Two hours before darkness.

Or how to be rewarded with solitude and ocean motion.

It was just two weeks ago that I stumbled upon pictures from Denmark. One particular session years ago still stuck on my mind. Nørre Vorupør further down the bay. Winds turned from straight onshore to offshore in about an hour. The huge swell was not willing to die down just yet but the fresh breeze cleaned up faces and chops. Unbelievable drainers everywhere and our stoke level exceeded for hours.

This time was different. We knew the coast was willing to scream and we wanted to score Denmark that good again after all the years of trial and error. Countless hours on the roads surpassing danish speed limits and profound studying of periods, swell directions and millions of different remoulades tasted. But still questions remained. Dan did not feel too comfortable about the forecast and decided not to go. We went nevertheless.

I have no fitting words for what happened during these next couple of hours.
Short, cold night. Rainy morning. Driving around to find the best spot. The ocean still wobbly and the off shore wind has not cleaned up the surface enough yet. Jumping in further north for a quick little session at a fun looking right hander. Two hours in the water. Some funky turns and high lines but nothing similar to what happened years ago.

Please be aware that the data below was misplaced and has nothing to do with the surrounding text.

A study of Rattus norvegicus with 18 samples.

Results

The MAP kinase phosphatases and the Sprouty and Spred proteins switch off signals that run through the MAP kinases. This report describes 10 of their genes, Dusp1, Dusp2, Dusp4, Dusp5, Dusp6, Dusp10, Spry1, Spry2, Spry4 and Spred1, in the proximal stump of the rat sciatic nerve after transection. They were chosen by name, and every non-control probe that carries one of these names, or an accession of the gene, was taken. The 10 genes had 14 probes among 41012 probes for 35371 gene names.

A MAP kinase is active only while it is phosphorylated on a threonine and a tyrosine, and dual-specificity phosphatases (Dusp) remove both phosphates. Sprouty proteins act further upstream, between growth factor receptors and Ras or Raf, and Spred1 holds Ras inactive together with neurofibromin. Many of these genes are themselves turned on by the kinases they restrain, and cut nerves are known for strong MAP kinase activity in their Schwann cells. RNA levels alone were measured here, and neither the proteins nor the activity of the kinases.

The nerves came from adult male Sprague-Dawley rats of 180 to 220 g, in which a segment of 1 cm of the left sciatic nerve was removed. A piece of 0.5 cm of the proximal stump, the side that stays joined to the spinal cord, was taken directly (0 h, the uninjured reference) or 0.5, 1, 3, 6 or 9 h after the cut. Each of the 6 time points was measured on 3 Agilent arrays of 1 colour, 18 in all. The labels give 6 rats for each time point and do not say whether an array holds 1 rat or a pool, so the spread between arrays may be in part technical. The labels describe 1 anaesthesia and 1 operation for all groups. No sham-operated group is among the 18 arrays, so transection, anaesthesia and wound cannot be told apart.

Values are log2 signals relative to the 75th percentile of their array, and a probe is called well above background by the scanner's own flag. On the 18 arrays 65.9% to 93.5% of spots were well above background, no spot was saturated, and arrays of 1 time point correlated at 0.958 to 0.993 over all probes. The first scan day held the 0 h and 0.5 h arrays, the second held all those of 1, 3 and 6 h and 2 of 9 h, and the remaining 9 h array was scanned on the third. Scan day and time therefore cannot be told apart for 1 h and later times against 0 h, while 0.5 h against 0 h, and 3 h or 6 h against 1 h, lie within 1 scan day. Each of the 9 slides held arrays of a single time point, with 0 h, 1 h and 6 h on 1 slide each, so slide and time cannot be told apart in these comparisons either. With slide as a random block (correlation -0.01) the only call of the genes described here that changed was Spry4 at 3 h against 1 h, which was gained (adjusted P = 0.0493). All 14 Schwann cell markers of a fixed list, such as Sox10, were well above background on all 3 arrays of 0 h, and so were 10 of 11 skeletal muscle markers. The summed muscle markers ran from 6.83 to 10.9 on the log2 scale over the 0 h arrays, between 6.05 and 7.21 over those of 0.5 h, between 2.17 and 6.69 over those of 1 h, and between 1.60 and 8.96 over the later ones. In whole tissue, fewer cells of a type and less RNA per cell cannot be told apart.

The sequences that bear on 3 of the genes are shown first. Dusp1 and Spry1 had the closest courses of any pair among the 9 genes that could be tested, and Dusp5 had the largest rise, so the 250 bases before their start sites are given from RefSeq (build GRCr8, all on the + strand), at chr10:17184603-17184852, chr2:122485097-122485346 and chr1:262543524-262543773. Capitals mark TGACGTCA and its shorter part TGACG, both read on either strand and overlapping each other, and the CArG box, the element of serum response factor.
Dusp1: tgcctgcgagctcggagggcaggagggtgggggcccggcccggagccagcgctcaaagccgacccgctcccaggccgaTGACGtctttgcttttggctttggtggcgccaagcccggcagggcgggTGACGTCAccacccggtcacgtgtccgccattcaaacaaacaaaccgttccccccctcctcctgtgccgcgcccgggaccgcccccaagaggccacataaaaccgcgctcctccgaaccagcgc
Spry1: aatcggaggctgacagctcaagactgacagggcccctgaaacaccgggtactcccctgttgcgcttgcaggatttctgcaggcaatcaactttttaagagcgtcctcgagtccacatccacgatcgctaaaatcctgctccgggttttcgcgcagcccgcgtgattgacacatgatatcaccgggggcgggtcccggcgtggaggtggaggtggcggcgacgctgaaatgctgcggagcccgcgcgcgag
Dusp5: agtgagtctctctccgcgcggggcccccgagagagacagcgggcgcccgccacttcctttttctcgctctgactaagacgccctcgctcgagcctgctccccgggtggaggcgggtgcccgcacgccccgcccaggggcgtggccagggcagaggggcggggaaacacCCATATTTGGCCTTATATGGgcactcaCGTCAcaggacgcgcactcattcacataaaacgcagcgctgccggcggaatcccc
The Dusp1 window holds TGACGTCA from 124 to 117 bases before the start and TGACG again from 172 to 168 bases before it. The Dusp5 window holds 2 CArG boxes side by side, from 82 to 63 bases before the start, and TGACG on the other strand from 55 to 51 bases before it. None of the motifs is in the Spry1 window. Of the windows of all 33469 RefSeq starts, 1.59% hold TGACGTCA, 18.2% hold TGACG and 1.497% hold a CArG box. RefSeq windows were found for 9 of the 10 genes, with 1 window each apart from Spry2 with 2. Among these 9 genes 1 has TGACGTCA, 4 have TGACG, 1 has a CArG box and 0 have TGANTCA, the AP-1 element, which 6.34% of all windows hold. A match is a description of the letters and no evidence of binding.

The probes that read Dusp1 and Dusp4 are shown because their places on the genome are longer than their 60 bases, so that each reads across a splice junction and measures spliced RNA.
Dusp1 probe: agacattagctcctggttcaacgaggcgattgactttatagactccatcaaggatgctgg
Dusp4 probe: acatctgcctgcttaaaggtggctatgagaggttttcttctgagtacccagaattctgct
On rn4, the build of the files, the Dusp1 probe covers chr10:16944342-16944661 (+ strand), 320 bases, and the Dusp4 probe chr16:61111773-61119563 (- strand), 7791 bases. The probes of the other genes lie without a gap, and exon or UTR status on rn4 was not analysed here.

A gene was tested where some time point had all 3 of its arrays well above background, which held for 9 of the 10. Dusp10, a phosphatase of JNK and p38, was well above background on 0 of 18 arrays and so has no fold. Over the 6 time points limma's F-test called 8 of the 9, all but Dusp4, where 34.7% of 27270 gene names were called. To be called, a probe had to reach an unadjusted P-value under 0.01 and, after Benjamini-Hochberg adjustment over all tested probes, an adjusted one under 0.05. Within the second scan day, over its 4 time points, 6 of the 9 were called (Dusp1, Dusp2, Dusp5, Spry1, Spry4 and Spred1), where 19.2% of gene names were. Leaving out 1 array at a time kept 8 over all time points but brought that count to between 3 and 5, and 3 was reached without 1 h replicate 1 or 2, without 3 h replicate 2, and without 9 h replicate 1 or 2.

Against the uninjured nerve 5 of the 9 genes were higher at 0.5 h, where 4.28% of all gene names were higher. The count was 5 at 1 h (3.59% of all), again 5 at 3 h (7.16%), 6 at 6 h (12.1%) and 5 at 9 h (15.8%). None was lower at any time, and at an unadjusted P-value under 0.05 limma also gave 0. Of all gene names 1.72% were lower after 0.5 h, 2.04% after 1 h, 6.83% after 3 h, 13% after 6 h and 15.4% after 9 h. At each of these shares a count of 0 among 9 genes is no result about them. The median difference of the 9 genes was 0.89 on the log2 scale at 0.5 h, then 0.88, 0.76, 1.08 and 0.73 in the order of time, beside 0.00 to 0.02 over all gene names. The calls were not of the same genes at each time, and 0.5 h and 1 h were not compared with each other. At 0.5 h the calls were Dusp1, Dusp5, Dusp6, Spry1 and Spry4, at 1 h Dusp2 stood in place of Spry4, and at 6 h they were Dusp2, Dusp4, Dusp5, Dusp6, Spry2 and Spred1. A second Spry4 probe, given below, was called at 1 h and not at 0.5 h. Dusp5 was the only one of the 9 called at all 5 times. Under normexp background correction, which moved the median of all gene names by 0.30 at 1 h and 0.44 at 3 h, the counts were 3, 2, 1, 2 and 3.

Back in the car. Driving further south again to see if there was less wind and better waves. And yes it happened.

The wind had tidied up the canvas and industry standard pipes came rolling onto one particular sandbar. Finn, Jonas and I rapidly changed into the already wet wetsuits standing in the freezing cold of 3°C plus strong offshore winds.
It was now or never. Two hours before darkness and a stoke level bar way below max needed to be expansed. And so it did.

Tim Wendrich „the maniac“ went swimming in ice-cold waters to freeze some moments. Most of his pictures from the session are going to fill next Nordic Surfers Magazine, so we won’t post any here but if can hardly wait to see them printed. But to judge his attitude facing the cold: Booties never really fit in flippers and the pressure starts numbing your cold feet pretty instantly. So hats off for this act of selflessness. Frithjof Blaasch alias Bulgenslaag did the same to his wind chilled fingers staying on land and pressing shutter buttons for ages before he came in to find some nuggets himself.

All I can say is let the pictures tell you how good it was. The photographs don’t even do justice to how perfectly makable and thrilling those tubes where. Thank you so much to Tim and Frithjof. I deeply know the mindset crises every surfing filmer and photographer is confronted with every single session.

This was by far one of the two best sessions I have ever witnessed in Denmark.